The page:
Indian Security Forces are going through the third day of the on-going air base clearing operation trying to defuse grenades and comb the grounds of the Pathankot Air Base in Punjab near the border with Pakistan.
The attack on the Pathankot Air Base in Punjab, a rare targeting of an Indian military installation outside the disputed northern region of Kashmir, threatens to undermine a tentative thaw in relations with Pakistan.
During the operation launched by the Indian security forces, four militants were killed. However, gunfire could still be heard by the air base with no further information about the number of militants still in the area.
"Operations to eliminate two more terrorists, possibly, are in the final stages," Major General Dushyant Singh, of India's counter-terrorism force, the National Security Guard, told a joint security news briefing at the air base.
"It is likely to take a long time," he added.
In the meantime, Afghan Special Forces fought with armed groups barricaded in a house near the Indian Consulate in the northern city of Mazar-i Sharif on Monday after an overnight attack that coincided with an assault on an Indian air base near the border with Pakistan.
A small group of gunmen tried unsuccessfully to break into the consulate late on Sunday, taking advantage of the fact that many people were watching the final of a football championship between Afghanistan and India.
They shut themselves into the house after failing to get into the consulate and battled security forces into the early hours of the morning. Troops were moving slowly to minimise civilian casualties, with operations also hampered by heavy rain.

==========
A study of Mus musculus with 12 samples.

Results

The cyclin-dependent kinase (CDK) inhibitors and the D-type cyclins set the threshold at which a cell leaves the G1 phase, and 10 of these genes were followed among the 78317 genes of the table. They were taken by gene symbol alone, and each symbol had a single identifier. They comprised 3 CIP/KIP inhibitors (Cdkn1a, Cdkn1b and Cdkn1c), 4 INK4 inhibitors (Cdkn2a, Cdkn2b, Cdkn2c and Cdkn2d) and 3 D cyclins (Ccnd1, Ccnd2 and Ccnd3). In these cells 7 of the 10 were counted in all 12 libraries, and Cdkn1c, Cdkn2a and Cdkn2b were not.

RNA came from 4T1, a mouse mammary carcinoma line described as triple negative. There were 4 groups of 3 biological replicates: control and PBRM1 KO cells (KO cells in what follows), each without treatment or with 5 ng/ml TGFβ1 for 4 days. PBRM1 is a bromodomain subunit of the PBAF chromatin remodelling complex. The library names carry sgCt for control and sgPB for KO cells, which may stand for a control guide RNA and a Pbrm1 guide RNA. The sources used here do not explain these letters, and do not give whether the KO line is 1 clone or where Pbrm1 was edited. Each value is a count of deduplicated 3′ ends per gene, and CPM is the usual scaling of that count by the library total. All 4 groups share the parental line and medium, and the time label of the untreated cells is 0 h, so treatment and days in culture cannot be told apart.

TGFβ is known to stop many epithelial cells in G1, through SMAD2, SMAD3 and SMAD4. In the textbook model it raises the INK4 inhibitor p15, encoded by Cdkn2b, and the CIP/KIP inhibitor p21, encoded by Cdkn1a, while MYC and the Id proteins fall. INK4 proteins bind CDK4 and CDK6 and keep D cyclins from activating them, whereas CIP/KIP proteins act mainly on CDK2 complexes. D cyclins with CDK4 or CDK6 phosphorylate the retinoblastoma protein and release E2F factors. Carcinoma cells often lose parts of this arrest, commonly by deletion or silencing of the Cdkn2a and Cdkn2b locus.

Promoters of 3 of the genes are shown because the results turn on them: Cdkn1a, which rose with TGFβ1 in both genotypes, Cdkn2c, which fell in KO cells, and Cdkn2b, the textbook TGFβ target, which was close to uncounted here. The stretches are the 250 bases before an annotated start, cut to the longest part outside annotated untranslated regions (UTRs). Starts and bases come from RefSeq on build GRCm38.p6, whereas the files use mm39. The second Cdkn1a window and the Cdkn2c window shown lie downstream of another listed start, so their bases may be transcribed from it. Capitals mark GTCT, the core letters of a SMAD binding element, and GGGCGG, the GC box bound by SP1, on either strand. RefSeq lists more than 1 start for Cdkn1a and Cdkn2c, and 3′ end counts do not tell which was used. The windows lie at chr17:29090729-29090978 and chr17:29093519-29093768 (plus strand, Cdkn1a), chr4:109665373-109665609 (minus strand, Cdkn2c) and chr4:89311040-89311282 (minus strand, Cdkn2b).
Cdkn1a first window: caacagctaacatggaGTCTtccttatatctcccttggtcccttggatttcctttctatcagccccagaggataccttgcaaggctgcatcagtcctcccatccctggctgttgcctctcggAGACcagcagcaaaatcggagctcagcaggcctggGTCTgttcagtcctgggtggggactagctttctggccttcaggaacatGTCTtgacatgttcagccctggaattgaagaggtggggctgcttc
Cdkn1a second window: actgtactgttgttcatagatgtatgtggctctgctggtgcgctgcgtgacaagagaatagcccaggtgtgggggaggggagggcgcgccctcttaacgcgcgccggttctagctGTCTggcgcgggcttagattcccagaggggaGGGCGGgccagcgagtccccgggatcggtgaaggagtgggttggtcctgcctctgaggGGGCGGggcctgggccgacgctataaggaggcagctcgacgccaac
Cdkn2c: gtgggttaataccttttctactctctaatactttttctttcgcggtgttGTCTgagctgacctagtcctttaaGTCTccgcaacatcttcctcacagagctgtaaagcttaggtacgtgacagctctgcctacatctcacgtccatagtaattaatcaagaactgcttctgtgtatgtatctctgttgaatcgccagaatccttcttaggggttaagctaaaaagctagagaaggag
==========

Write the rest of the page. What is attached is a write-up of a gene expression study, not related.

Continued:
"The area is sealed off and we are proceeding cautiously and making all possible efforts to protect the lives of those in the area. The attackers will be killed," the provincial governor, Atta Mohammad Noor, said on his Facebook page.
Gunfire rang out as army and police commandos fired rocket-propelled grenades and heavy machine guns at the building and helicopters circled overhead in a residential area of the city, in Balkh province, bordering Uzbekistan.
At least four civilians were wounded and six security force personnel were slightly injured by a hand grenade, but the Indian ambassador said all the consulate staff was safe.
Noor blamed "enemies of peace and stability" for the attack, which came amid renewed efforts to lower tension between India and its rival Pakistan and restart peace talks with the Taliban in Afghanistan.
However, there was not concrete indication of who may have been responsible.
Last month, Indian Prime Minister Narendra Modi visited Kabul and Islamabad on the same day, underlining the drive to improve stability and overcome the longstanding hostility in the region.
However, Sunday's attack and a separate assault on an Indian air base in Pathankot, in the northwest Indian state of Punjab, underlined how difficult that process is likely to be.
As the attack in Mazar-i Sharif began, Indian security forces were still engaged in mopping up the insurgents in Pathankot.
In 2014, India's consulate in the western Afghan city of Herat was hit by heavily armed groups including suicide bombers, one of a series of attacks on Indian diplomatic stations in Afghanistan over previous years.
Pakistan has long been suspicious of India's engagement with Afghanistan and its diplomatic presence there.